Monday. The best part of Monday, though Merkato was great fun, was definitely the hour we spent with Yosef and Mihret...But before I go on, I must correct myself. It is not Merkado! I know, this is probably not news to most of my readers! But it was news to me! I have such a hard time hearing certain sounds when an Amharic speaker is talking. But an Amharic friend let me know that it is Merkato, which makes a lot more sense since it is like the Italian word for Market. Anyway...
When we got to the orphanage, I was kind of disappointed to learn that 5:00-6:00 is homework time, as homework is very serious and quiet business. Oh well. Just having the privilege to lay eyes on my kids in real-life was such a blessing. I was pretty impressed with how well Mihret can read Amharic! She recited page after page in her little sing-song whisper. She was having a snack, kolo (it would be like the Ethiopian equivalent to Americans eating sunflower seeds), and I was most honored when she gave me some of her kolo. After I sat next to her for a few minutes, she remembered what I had told her yesterday. She looked up at me with her huge chocolate eyes and whispered with expectation, "Mom- Gum?" I whispered back, "Oaw. Ye muz mastika tefelagialesh?" (Yes, do you want banana gum?) She gave me her adorable smile that is missing a tooth and raised her little eyebrows to say "yes." Such simple moments like these were so priceless to me. I had already checked with the director of the orphanage to make sure the gum was okay, so I handed it out to all of the older kids.
When I went to sit down by Yosef, he had laid out a picture of Mary, Joseph, and baby Jesus. He handed it to me and said, "Gift!" Again, what a priceless gift. I pointed at each person so he could tell me their name. When he got to Joseph and said, "Yosef", in disbelief I asked him if it was a picture of him. He thought that was hilarious. Oops! Better not make him laugh lest he get in trouble for not doing his homework! :)
As the hour drew to a close the kids packed up their homework and went off to play while they waited for supper. But, it was time for us to leave. Once again, I cried as the gate shut behind us. These kids couldn't be anymore mine, and yet legally, they are not. How I long for the day when the government will catch up with my heart!
Yesterday I spent the day with a very dear friend. She is a lady who is nearly 60 and I have learned so much from her friendship these past few years. She's been stuck at home for a couple of months due to a broken leg, so I wanted the day to be special. I took my fancy djebena (coffee pot) along with my pretty new sini (little coffee cups, but I learned this word from Ma'aza and Abeba who are both Tigray and I think this might be a Tigray word, not an Amharic word, but I'm not sure) and together we sipped shai (Ethiopian tea) and caught up with each other, as I haven't seen her since I went to Ethiopia and in this time, she has had a new grandchild born.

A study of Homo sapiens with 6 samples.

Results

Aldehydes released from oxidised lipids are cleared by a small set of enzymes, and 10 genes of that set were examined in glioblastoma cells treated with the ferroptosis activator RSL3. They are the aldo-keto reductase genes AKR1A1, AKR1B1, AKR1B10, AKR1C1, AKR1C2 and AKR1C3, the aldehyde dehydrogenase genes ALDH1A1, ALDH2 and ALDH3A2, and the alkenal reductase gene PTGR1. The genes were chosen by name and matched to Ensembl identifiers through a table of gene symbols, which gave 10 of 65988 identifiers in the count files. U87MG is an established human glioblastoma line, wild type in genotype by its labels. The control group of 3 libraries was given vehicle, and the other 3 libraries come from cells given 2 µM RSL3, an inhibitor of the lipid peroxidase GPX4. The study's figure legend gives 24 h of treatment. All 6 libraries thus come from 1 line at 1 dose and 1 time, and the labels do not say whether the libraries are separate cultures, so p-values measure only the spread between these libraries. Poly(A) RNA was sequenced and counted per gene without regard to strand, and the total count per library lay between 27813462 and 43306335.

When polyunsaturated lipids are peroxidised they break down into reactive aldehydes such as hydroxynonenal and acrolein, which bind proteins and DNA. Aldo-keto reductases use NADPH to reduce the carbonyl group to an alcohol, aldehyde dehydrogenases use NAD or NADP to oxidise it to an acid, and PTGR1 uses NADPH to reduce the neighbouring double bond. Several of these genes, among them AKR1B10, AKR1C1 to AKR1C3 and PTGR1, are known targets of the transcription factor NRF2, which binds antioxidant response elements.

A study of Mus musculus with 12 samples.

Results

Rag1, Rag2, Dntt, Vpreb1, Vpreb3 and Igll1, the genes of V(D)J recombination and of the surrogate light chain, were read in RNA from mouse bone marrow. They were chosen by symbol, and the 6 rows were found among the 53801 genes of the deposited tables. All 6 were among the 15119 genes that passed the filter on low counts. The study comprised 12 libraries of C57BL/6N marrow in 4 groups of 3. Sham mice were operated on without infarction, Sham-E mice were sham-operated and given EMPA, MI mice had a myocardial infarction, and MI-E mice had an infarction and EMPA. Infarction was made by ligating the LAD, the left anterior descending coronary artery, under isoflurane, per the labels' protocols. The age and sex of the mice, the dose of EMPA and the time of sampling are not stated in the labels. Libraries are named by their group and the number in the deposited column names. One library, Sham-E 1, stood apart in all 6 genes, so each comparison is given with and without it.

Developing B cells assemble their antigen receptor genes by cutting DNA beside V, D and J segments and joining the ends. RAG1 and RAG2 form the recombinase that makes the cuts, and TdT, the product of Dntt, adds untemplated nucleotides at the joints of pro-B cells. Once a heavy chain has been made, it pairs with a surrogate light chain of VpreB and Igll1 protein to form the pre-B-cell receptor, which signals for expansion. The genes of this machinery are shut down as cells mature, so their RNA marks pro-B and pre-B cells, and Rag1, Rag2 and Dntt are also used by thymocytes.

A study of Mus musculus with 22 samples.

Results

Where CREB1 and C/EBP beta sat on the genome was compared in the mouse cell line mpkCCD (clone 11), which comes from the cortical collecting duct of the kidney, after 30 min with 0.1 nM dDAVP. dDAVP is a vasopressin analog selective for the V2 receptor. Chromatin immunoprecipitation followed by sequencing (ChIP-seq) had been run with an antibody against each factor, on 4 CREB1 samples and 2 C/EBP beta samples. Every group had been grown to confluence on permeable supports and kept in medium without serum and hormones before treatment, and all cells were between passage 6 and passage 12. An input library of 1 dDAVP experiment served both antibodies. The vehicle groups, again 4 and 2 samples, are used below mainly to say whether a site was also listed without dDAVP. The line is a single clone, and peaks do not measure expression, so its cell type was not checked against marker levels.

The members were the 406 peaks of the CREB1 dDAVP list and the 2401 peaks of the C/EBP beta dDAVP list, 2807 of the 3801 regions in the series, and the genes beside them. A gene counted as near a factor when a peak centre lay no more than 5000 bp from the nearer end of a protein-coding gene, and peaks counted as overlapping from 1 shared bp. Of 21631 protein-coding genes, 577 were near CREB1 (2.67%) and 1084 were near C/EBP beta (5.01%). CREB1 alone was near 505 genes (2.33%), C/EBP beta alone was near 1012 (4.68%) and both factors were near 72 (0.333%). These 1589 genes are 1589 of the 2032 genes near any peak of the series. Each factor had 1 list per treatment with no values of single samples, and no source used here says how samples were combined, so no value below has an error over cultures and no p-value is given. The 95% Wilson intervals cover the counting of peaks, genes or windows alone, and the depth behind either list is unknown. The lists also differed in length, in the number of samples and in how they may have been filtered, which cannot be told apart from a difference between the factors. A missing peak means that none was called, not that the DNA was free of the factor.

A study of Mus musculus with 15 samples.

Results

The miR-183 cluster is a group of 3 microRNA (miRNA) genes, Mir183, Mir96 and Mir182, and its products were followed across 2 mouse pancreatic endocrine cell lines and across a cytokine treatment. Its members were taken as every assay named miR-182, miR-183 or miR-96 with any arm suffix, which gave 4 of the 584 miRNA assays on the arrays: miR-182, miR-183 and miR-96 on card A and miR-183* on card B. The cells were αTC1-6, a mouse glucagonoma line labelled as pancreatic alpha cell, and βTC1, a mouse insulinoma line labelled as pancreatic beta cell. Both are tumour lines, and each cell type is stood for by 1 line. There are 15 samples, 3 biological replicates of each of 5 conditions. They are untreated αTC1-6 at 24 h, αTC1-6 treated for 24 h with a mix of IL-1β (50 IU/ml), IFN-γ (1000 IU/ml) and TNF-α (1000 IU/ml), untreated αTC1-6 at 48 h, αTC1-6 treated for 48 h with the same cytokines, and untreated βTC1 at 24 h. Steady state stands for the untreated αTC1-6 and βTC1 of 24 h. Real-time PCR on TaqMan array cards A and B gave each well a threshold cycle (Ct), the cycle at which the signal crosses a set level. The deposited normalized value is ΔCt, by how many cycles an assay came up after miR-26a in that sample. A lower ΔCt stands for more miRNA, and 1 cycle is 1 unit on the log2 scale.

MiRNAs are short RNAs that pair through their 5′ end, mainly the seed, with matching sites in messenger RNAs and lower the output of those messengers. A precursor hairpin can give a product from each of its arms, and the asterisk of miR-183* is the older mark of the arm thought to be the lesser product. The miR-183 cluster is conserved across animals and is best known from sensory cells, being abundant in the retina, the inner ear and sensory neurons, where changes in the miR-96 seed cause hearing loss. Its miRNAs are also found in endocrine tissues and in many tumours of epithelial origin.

Lucas made sandwiches for us for lunch, as he said to me earlier this week, "Mom, I think your New Year Rev-o-luj-an should be that you will let your son cook." So, I've been letting him be the "chef" for lunch. Then he went off to watch a movie in another room. I had brought my guitar with me and together, we began to sing some worship songs and we spent some time praying for Yosef and Mihret, for Ethiopia, for justice to be carried out for these children and also in their situation. Without a faithful God to fall on, I cannot imagine having gone through the past 2 years! And not only is God always there for me, but He has blessed me with some of the most amazing friends to walk this road with me. Truly amazing!
For any who would like to pray, the Ethiopian person who is processing our adoption is supposed to meet on Monday with the government officials who have authority to license our agency, thus enabling our case to go to court so that the kids can come home. We are praying that she will have great favor with this official and that the matter will be cleared up next Monday so that justice can be carried out for these kids and they can have a family restored to them once again. Thank you so much for your faithful prayers!